Friday, June 24, 2011

5 Ways to Save in the Kitchen

I'm always on the look out for ways to save money when it comes to the kitchen. With food prices continually rising, it's becoming harder and harder to save a dollar. I pray for the families that are big and bountiful that God continues to provide for them and allow them the necessities to prepare warm meals.

When I was sitting last night for my quiet time (not a common event), I jotted down some ideas that I thought would be worth sharing. Some areas to focus on to start the savings extravaganza.
1. Staples
The most common ingredients/items used in your kitchen from day to day usually ring up the most expensive. Not so because it's priced high individually but because you use it more so and buy more. In our kitchen we use a lot of stock; chicken stock, beef stock, vegetable stock. Broth too. They all provide more flavor than water and deepens the meal. Instead of buying it at the store at a ridiculously high price and full of excess salt, we make it at home. Here is a great recipe for chicken broth and for chicken stock.
What I love about making it at home is you can measure it out and freeze it. When a recipe calls for a cup, you simply run to the freezer and it's already measured for you.

2. Crock pots and Slow Cookers
Oh they're the same thing. It's like tom-A-to and Anyways. These little gadgets are great for saving not only time, but money. Now, you're not going to get your electric bill and do a whole Popeye the Sailor Man type "WOW-ZA!", but you will however trim off a little here and there. You will also be able to purchase cheaper cuts of meat that otherwise would be too tough cooked in a more conventional style...say in the oven. Awh...the goodness of the crock pot. Have you met mine?

3. Bean Base Meals
I haven't quite convinced my husband that beans are good for you. Not that he isn't aware of the health benefits because I have truly educated him on the matter. He has this problem with the texture of beans. I've attempted to squeeze them into to meals without him knowing and have been very successful. So I press on to win this battle. Beans are budget friendly. It amazes me how inexpensive they are and how few people use them in their weekly menus. It's crazy! You can buy a 1 pond bag of beans at most grocery stores for less than $1.50...and that's a lotta beans yall! After soaked and cooked, they can become the foundation for any good meal. Here are some ideas: Red Beans and Rice, White Bean and Kale Soup , White Bean Gratin. and Yummy Lasagna by my Bestie, Leigha.  Another great place to look is Once A Month Mom. There is a great list of meals utilizing beans. The possibilities and savings are endless!!!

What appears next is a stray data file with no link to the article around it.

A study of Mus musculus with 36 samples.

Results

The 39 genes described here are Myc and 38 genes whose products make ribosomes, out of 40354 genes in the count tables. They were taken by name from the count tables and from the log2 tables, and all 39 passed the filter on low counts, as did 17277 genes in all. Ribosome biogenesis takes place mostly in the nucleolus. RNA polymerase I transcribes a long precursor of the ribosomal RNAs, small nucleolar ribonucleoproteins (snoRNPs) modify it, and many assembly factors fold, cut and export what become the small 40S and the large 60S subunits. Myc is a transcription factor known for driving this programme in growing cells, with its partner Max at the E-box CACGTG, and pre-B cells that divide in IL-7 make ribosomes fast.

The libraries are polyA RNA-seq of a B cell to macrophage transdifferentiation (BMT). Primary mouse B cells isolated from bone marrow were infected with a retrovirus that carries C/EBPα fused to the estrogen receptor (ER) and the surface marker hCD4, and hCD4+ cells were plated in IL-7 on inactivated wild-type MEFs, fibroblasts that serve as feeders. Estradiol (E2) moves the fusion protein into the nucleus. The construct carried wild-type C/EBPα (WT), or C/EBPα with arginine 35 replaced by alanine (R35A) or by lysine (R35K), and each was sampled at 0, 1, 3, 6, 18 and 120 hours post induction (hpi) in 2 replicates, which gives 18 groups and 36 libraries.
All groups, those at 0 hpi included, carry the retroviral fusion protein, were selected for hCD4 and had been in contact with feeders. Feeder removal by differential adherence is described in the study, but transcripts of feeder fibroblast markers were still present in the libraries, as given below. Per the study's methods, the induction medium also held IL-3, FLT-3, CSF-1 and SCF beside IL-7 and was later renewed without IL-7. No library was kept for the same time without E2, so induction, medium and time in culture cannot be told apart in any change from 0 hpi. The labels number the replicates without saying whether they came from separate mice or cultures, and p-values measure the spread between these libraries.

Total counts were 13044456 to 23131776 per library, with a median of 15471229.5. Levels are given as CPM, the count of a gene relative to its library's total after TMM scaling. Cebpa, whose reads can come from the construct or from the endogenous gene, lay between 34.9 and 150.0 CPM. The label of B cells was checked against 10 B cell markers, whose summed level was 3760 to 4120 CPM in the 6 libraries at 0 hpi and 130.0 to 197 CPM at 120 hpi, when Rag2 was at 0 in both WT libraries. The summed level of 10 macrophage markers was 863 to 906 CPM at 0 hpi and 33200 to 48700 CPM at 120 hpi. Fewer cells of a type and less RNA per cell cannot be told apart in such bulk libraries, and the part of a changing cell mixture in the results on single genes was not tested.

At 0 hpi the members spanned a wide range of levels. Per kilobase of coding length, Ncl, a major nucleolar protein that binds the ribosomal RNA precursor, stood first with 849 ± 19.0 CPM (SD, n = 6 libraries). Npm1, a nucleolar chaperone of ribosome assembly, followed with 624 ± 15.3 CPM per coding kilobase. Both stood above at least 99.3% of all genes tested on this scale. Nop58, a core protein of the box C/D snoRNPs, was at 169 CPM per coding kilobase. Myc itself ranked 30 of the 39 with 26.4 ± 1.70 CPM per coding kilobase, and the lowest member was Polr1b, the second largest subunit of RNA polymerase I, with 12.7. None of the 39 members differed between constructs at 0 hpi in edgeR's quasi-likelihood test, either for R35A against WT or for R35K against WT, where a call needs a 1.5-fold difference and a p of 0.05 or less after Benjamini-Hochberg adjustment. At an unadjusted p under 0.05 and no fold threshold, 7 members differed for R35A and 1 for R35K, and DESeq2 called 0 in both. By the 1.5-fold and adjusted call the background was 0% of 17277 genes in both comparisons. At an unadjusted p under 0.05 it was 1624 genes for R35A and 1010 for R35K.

4. Look past the Obvious!
Ok..I know that this one doesn't start out in the kitchen, but the end results will bring you there. I'm talking about drive-throughs. You pick it up and bring it home to eat. Why? It's easier and you've had a rough day and the thought of coming home to cook something for your starving family is fogging your overwhelmed brain as it is. So...something quick and easy is the option. Well, there are other options out there that not only will be just as quick, but lighter on the wallet. Aaaannnnd...probably even tastier.

Example: I bought a big beef roast this week on sale. BIG! BIG! I put it in slow cooker (uh-huh...Sharon!) covered it halfway with water and cooked low and slow for 8 hours. When it was finished, I separated it into meal portions for use later in the week or month. Some meals I plan to create with it are BBQ Beef sandwiches, Beef Enchiladas, Beef and Noodles, Open Faced Beef Sandwiches, and simple Beef and Veggies. (I will post recipes for these soon). All of these options are quick and easy. The bulk of your meal is already prepared.

 5. Buy That Whole chicken


I admit that there was a time when I only bought chicken breasts. It was easier and leaner, but not cheaper. It got to a point where I was skipping recipes that included chicken because it was too expensive. Lame, I know. When I finally woke up, I realized that there are better options out there. Now-a-days I purchase whole chickens. Let's do the math...
 Whole chickens usually run from $0.89-1.00 per pound
Chicken breasts usually run from $1.89-3.00 per pound
You might not think that you'll use it all and that it'll go to waste, but you're wrong. Remember #4? Well, chicken can be used the same way. I'll take a chicken and roast in the slow cooker and use it for supper. The rest of the chicken is pulled off the bones for other meals like: Chicken Salad, Chicken Tacos, Chicken and Yellow Rice, Chicken and Dumplings, Chicken Noodle Soup, and the list goes on and on.

Savings can be a dreadful thing to start thinking about. After attending a class this past week, I quickly learned that there are families as small as 2-3 people that are spending as much as $1,400 a month on food and groceries. That's extreme. There are always ways to cut back. I hope some of the ideas I've shared with you can help you on your raod to savings and easier hours in the kitchen. Good luck!

Do you have any ideas of how to save in the kitchen? I'd love to hear some of them. Please leave a comment or shoot me an email. I'm looking for a spotlight guest to share some worthy advice.


  1. Slow cookers do save the day, especially when it's a chaotic one. My favorite ever slow cooker meal was "cooked" by a friend--Cube Steak! YUM! Great tips!